Sunday, February 09, 2014

TSON YEOU BIEN - Chinese Green Onion Pancake

Every country around the world has some sort of pancakes served with meal of the day.  This one is Chinese pancake that are served usually with lunch or supper.  It's main ingredient is the chopped fresh green onions.  I was not a great fan of green onions when I was young.  They tasted like soap in my mouth.  I ate them only when they are pre-stir fried.  As I grew older, that raw soapy taste has disappeared, and I enjoy eating green onions on top of UDON or as stir fried green onion dish by itself.
There are two way to mix to make this dough.  One way is to use boiling water.   Then, there is using the room temperature water.  For this one, I am testing with the boiling water.  All purpose of using the boiling water is to make a pancake that is crispy outside and soft center.   When I made this for the first time back in Viet-Nam, I didn't really recall so many steps to make this pancake.  It turned out delicious just the same.  But for the curiosity sake, lets see the result of all methods.   I think it's in the technique of folding and rolling that creates the layers like in the puff pastry.   We'll see.     
Ingredients:
Method 1 - using boiling water plus shortening in the dough
2 C flour
Boiling water - after the bubbling have subsided  - start with 1 C
1/4 C solid vegetable oil or rendered pork fat (lard) or butter
Salt
a bunch of green onions - chopped well - will produce about 1-1/2 C to 2 C
Sesame seed oil  - about 1/4 C
Cooking oil - 1/4 C to 1/2 C

 Mix flour with 1/4 C solid vegetable oil until crumbly.
Add at least 10 Tablespoon of boiled water to start off to mix the flour.
(You can use the mixer with dough hook to knead the dough as well.)
It should form a shaggy dough.  Add some more water or flour, if needed.
The mixture should come together after 3 minutes of kneading.  Remove from the mixer, if used. or from the bowl to a work surface and knead into a ball. The dough will look rough at this point.   Cover and rest for 10 min.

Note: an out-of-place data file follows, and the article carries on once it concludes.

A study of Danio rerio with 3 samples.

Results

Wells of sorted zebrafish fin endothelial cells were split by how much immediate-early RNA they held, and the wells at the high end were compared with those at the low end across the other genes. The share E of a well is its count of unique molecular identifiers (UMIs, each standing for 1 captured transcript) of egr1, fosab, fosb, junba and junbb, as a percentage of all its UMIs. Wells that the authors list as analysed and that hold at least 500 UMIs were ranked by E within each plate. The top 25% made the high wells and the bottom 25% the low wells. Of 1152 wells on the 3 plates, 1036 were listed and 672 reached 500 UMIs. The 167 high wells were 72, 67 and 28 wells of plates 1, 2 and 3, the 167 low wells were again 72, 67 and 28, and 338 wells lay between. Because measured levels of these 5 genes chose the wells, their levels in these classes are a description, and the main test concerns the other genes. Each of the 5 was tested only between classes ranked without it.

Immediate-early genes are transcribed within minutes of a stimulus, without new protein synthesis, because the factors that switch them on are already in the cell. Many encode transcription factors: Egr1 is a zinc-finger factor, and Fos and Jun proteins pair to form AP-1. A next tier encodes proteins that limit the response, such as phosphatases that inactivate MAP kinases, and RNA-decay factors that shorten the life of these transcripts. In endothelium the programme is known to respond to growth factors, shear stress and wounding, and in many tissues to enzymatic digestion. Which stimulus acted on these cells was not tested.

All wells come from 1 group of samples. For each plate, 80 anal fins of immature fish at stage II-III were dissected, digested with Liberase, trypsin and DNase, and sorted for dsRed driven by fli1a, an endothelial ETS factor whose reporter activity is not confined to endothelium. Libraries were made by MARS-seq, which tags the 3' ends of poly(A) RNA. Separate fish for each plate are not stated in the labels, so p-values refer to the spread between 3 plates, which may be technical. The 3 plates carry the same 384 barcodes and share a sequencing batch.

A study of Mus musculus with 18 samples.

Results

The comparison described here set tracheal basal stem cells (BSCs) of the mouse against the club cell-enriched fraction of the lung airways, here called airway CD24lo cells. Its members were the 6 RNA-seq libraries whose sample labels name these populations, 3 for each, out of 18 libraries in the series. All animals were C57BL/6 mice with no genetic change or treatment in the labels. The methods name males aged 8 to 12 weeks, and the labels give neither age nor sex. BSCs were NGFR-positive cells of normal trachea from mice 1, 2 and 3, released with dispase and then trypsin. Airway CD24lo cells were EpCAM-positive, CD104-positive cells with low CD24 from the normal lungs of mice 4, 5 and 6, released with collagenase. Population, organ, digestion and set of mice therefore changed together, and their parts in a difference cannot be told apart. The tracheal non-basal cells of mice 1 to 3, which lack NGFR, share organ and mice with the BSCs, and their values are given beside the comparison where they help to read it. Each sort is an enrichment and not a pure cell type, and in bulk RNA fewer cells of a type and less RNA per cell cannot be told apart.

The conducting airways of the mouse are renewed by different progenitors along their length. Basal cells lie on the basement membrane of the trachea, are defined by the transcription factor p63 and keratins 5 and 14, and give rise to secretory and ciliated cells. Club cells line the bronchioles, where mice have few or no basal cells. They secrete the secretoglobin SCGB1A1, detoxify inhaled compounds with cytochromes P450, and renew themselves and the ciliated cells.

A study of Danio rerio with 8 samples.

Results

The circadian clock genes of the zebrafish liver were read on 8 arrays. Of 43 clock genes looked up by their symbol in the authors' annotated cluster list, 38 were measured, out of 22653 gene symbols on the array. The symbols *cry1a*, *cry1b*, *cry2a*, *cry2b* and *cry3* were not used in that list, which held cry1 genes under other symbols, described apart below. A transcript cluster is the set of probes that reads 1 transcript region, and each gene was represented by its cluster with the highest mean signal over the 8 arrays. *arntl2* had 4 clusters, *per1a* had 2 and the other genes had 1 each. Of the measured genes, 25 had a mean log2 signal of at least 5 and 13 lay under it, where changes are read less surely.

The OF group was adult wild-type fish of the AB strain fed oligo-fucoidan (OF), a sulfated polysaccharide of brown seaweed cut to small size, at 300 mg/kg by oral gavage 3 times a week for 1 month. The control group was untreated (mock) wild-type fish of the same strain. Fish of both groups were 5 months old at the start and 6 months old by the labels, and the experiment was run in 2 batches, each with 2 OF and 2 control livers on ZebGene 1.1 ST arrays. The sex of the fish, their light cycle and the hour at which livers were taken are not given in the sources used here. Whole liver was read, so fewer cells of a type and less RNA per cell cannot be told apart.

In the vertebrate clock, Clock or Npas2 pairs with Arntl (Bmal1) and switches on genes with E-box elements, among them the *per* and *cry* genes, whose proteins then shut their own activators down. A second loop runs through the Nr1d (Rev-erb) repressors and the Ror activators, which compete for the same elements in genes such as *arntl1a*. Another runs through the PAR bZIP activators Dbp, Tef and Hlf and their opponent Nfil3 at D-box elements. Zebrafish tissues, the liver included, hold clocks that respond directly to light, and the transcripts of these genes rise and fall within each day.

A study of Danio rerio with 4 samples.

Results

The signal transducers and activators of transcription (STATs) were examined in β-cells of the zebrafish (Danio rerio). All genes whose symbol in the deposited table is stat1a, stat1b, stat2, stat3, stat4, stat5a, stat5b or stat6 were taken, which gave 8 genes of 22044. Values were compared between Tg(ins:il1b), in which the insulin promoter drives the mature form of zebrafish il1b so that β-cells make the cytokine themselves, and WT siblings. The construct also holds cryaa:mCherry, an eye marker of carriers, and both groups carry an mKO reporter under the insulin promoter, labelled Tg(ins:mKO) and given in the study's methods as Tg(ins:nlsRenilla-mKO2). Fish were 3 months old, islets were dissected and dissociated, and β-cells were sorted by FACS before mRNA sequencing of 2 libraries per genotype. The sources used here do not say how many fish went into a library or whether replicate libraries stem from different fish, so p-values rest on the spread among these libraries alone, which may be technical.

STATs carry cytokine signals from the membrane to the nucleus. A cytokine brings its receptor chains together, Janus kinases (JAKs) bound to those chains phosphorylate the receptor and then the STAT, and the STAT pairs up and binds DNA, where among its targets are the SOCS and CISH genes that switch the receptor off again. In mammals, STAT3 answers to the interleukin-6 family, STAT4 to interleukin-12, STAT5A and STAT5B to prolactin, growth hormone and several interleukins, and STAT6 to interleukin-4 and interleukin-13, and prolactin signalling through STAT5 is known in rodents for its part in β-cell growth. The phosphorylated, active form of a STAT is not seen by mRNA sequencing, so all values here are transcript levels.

(Repeat three times)  Unwrap and with hands, turn/knead the dough a few times.  You will notice the dough becomes supple and smooth right away at each turn.   Form into ball and rest again for 10 minutes.  You can get away with just two resting period and if the dough is supple and smooth after the second turn.   
 Divide the dough into 4  portions - depending on the diameter you desire.  Roll out the first one into round disc, about 1/4+ inch thick.  Cover it with saran wrap while you complete the other.
Take the first dough and roll into 10 inch diam. disc.  Smear the dough with 1 tsp of sesame oil.
Sprinkle 1/8 tsp of salt and smear into the oil on top to spread around the disc.
Spread chopped onions.


Roll the dough into cigar shape, then, roll the ends on top of each other.

Twist one end on top of the other end.
Wrap in saran wrap to rest for 10 min. before rolling into the final pancake form.
Remove from the plastic wrap.  Push down with the palm of your hand first, then, with the rolling pin, roll out into a disc - about 1/4 inch thick.  Set aside and roll out the rest.  For more layers, repeat the folding, rest, and roll out again.
Heat the skillet.
Add 2 Tbsp oil.
Place the first pancake in.   Cover with lid.   (Steam helps to cook and form separate layers ... like in puff pastry in the oven.)
Fry at Medium low heat. - 6 min. or till beautiful brown.
Turn it over.   Fry without cover  4 min. or till beautiful brown.
Cut with pizza slicer or knife.
 As expected, the pancake turned out crispy crust with flavorful green onions enclosed in soft body.   It turned out with an expected texture of the Chinese fried dumpling skin.

Serve with meal.

Dipping sauce, if desired.   Mix the following together.
1/4 C soy sauce, low salt
1 to 1-1/2 Tbsp rice vinegar
1 tsp sugar to taste and add more, if needed.

As you gain experience, all this resting the dough before each turn and so forth will become natural and effortless to make this flavorful pancake.   You will recognized if the dough is ready with two turns and rests or with one turn.  Enjoy!
On with some more testing - multi-folding with sesame oil between each layer;  without the shortening mixed in the flour; make with room temperature water.  ... I think the secret is in the folding.

No comments:

Post a Comment

Thank you for visiting and for your feedback or comment. Have a great cooking adventure!

Note: Only a member of this blog may post a comment.